Corero Network Security has disclosed the existence of a practical ‘kill switch’ countermeasure for the Memcached vulnerability, responsible for some of the largest DDoS attacks ever recorded. At the same time, the company has warned that the vulnerability is more extensive than originally reported – and can also be used by attackers to steal or modify data from the vulnerable Memcached servers.
Memcached is an open source memory caching system that stores data in RAM to speed up access times. It was not originally designed to be accessible from the Internet, as access does not require authentication. The exploit works by allowing attackers to generate spoof requests and amplify DDoS attacks by up to 50,000 times to create an unprecedented flood of attack traffic. In the last week, these massive attacks have overwhelmed specific targets such as GitHub, and flooded service providers to degrade service availability.
Ashley Stephenson, CEO at Corero Network Security, explains: “Memcached represents a new chapter in DDoS attack executions. Previously, the most recent record-breaking attacks were being orchestrated from relatively low bandwidth Internet of Things (IoT) devices. In contrast, these Memcached servers are typically connected to higher bandwidth networks and, as a result of high amplification factors, are delivering data avalanches to crippling effect. Unless operators of Memcached servers take action, these attacks will continue.”
Any Memcached server that can be forced into participating in a DDoS attack towards the Internet can also be coaxed into divulging user data that it has cached from its local network or host. This may include confidential database records, website customer information, emails, API data, Hadoop information and more.
The Memcached protocol was designed to be used without logins or passwords, meaning that anything you add to a vulnerable Memcached server can be stolen by anyone on the Internet, without a login, password or audit trail. By using a simple debug command, hackers can reveal the ‘keys’ to your data and retrieve the owner’s data from the other side of the world. Additionally, it is also possible to maliciously modify the data and reinsert it into the cache without the knowledge of the Memcached owner.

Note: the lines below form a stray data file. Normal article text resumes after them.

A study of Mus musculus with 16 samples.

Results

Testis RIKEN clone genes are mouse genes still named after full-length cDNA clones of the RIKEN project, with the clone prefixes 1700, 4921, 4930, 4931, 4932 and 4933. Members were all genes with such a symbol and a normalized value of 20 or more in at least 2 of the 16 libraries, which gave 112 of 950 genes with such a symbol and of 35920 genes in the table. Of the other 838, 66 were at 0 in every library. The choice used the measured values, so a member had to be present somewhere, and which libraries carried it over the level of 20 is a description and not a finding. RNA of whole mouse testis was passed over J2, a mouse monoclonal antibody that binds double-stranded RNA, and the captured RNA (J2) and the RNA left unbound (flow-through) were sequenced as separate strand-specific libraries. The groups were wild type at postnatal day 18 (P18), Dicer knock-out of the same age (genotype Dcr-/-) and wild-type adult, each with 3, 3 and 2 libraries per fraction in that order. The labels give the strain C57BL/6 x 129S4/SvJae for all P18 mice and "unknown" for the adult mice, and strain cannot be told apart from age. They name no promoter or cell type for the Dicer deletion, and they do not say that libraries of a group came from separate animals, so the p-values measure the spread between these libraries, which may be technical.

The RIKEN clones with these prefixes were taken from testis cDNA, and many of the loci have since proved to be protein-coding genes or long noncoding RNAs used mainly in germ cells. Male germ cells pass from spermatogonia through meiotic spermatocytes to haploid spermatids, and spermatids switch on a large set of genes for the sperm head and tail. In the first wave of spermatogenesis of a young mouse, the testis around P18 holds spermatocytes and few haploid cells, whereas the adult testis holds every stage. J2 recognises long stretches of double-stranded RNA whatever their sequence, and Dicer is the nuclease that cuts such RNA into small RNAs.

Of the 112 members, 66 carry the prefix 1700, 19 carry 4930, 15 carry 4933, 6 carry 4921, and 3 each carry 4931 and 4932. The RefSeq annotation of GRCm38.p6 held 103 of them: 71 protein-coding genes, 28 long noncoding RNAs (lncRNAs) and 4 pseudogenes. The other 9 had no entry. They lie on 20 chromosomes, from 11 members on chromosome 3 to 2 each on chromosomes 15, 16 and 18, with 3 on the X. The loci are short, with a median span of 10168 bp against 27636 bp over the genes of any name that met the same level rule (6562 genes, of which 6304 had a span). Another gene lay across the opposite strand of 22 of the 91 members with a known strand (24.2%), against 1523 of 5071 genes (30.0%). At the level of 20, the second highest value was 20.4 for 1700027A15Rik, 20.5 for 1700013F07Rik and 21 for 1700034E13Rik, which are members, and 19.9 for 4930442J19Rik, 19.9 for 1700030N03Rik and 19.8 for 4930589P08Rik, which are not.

Despite repeated warnings by the Memcached developer community and large IT vendors about security risks, default configurations for some of the latest operating systems and cloud computer services still allow ubiquitous access to the Memcached service and customers’ private data.
Ashley Stephenson explains: “While this blatant lapse of security is relatively clear to the accomplished security practitioner or hacker, it is not known to the increasingly business-oriented, non-technical user who is clicking a button to set up a new server in the cloud. There are dozens of US-CERT CVE and obscure security warnings related to Memcached but few of them address the clearly obvious issue of leaving the front door open on the internet for anyone to come in and take your data.”
The kill switch
This week, Corero discovered an effective kill switch to the Memcached vulnerability that sends a command back to an attacking server to suppress the current DDoS exploitation. The ‘flush_all’ countermeasure has been disclosed to national security agencies for action. It invalidates a vulnerable servers’ cache, including the large, potentially malicious payload planted there by attackers.
The countermeasure quench packet has been tested on live attacking servers and appears to be 100 percent effective. It has not been observed to cause any collateral damage.